Educators, particularly English Language Arts teachers and librarians, play a critical role in cultivating students’ love for reading. Studies have shown that teachers who are passionate readers bring valuable literacy practices into the classroom. However, in their efforts to improve students’ reading abilities, it is important not to overlook the reading habits and needs of educators themselves. Even though most teachers understand the importance of reading for fun, a study looking at teachers’ reading practices found that nearly half of teachers do not read for pleasure regularly.
“You have to do things after work to pour into your spirit, and reading may not be at the top of that list,” said literacy educator Lois Marshall Barker, who has over 14 years of experience as a classroom teacher, instructional coach and professional development and curriculum specialist. Despite a recent RAND survey indicating that teachers’ stress levels have returned to pre-pandemic levels, 23% of teachers said they intended to leave their jobs, with stress being one of the top reasons. Research shows reading can relieve stress and help people develop overall empathy skills. And a well-developed school culture around reading can help teachers access these benefits and avoid burnout, according to Barker. At The Educator Collaborative’s biannual Gathering last spring, she outlined ways teachers can carve out space to nurture their reading habits.
Examine your reading journey
Every reader has a relationship to reading that has changed over time. Barker calls this a reading journey. By reflecting on the events that have shaped their journey, teachers can gain insights into their own reading habits and preferences. She encouraged teachers to think about questions like, “When did you first encounter reading?”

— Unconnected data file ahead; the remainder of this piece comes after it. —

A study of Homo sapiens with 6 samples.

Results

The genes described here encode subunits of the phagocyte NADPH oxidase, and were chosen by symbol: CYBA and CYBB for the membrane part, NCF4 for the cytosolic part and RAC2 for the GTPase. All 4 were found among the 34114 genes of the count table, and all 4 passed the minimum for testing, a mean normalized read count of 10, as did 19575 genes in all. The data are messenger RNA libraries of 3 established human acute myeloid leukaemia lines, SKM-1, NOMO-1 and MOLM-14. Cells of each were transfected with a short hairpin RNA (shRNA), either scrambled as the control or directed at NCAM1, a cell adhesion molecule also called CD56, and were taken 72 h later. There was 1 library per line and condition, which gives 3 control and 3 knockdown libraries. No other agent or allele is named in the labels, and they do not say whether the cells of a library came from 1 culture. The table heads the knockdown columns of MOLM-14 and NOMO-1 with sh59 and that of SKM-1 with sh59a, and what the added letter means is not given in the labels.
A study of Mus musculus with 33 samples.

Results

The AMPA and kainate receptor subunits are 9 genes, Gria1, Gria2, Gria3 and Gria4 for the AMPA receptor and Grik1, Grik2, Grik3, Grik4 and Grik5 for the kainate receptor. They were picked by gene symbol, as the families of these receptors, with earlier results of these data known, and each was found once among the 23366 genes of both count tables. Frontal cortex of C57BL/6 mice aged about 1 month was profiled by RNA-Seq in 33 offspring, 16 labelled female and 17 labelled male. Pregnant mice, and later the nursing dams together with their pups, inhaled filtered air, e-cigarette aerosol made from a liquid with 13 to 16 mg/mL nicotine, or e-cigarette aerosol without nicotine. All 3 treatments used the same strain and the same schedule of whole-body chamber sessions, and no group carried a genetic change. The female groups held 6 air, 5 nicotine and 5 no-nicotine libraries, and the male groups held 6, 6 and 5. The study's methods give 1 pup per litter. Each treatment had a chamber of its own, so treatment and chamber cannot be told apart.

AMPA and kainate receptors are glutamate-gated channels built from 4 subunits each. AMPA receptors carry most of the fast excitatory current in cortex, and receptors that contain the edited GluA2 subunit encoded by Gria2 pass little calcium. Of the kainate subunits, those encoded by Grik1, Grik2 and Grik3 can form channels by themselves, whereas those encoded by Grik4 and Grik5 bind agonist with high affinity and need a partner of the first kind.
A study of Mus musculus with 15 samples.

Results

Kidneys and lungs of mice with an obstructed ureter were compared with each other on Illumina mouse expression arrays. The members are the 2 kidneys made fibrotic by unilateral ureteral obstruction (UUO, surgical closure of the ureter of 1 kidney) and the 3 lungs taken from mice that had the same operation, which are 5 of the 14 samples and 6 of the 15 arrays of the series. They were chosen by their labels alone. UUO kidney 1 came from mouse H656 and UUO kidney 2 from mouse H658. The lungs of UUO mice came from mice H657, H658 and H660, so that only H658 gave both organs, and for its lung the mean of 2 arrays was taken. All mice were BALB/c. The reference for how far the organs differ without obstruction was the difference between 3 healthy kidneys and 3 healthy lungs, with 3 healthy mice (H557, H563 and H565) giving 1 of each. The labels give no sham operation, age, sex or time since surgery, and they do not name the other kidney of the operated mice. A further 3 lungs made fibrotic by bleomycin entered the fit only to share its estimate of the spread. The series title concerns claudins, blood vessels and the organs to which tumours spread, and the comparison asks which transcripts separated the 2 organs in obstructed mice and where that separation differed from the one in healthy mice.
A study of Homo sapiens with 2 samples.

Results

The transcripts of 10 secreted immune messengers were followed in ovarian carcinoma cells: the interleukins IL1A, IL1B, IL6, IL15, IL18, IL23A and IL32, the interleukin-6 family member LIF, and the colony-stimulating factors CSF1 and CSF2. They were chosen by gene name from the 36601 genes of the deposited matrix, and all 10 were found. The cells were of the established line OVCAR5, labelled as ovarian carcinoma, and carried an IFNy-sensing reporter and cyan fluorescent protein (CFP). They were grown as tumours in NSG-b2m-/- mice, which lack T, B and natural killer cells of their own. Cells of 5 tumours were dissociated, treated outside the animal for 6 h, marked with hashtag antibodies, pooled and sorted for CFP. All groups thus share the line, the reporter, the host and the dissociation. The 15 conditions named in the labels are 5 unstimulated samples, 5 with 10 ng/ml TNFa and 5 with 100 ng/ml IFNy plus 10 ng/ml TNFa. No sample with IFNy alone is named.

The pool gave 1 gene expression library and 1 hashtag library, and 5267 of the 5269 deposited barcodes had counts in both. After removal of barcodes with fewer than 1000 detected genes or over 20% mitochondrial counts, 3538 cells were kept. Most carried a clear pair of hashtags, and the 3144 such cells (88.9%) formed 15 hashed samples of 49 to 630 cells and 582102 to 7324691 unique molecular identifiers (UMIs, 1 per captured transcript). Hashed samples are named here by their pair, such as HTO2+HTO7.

Equally important is examining the factors that might hinder teachers’ reading habits. By thinking about questions like, “What prevents you from reading?” teachers can identify potential obstacles, such as lack of time and competing priorities, that might impact their reading.
Additionally, in many parts of the country, there has been an increase in efforts to ban or censor certain books, which has had a direct impact on teachers’ freedom to engage in open discussions about their reading choices. In a recent survey by the RAND Corporation, one-quarter of teachers said that restrictions on how they talk about race and gender have influenced their choice of curriculum materials and discussion topics. A subset of the teachers surveyed — most of them language arts or elementary education teachers — described how the restrictions have made teaching “more stressful, fear inducing, and difficult.”